Two years ago there was a sixth grade student on our basketball team who showed promise. Even though she was short and a little overweight, her ball-handling skills and game instincts were strong. We put her on the team in the hope that with time and experience, she would become a starting point guard.
It's hard for sixth graders to get much playing time on a middle school team. They are competing against seventh and eighth grade students who are generally older, bigger, and stronger. We usually practice with a squad of 15, but only about half will get significant game time, most of them eighth graders. For the younger girls, we view their first, and sometimes even their second, year as developmental.
A couple of things happen as a result of this dynamic. One is that the older girls feel entitled to the playing time: they've paid their dues, practicing hard and then sitting on the bench for two years, and now they feel that they have a right to the spotlight. They are also the leaders of the team, and so their attitude sets the tone. As closely as we supervise middle school kids and as much guidance as we provide them in the classroom, in the cafeteria, or on the court, they always find an opportunity to reinforce their hierarchy. That's how it is on the team.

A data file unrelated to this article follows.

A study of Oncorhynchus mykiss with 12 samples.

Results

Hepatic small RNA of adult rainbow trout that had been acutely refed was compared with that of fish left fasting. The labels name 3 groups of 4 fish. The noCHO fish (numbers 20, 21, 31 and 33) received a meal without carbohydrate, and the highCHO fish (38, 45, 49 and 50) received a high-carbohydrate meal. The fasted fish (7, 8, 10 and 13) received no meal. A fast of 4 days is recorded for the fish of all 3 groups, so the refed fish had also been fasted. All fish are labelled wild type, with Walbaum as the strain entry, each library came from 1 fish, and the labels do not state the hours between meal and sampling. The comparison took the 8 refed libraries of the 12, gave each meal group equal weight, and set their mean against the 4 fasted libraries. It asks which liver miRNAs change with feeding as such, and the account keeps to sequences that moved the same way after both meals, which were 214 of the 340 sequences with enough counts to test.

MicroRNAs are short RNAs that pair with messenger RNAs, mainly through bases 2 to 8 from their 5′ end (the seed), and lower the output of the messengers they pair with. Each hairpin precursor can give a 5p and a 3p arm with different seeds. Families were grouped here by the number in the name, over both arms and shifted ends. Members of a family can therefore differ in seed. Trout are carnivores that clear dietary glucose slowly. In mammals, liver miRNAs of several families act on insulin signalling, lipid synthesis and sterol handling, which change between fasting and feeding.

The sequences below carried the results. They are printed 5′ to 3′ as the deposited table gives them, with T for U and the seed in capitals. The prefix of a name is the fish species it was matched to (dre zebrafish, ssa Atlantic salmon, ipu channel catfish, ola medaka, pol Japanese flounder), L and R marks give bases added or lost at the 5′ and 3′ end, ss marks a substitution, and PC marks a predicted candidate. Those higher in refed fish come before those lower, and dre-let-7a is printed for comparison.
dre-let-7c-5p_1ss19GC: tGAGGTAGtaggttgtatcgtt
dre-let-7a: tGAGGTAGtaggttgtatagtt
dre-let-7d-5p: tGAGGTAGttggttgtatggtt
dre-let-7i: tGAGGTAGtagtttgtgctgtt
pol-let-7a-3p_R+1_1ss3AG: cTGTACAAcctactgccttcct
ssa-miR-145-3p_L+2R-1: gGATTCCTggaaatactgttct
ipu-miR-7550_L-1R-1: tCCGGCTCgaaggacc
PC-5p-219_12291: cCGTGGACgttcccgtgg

That year, our strongest eighth grade player happened to be a point guard, and so it was never very likely that this sixth grade girl would play many minutes in a game. This particular eighth grade girl had played her first couple of seasons with her older sister, who was incredibly cruel to her. It didn't help that the younger sister was a better player; in fact that made it worse, and when it came time for her to lead the team, she was almost as mean to the younger girls as her sister had been to her.
There's the whistle-- let's pick it up in the second quarter.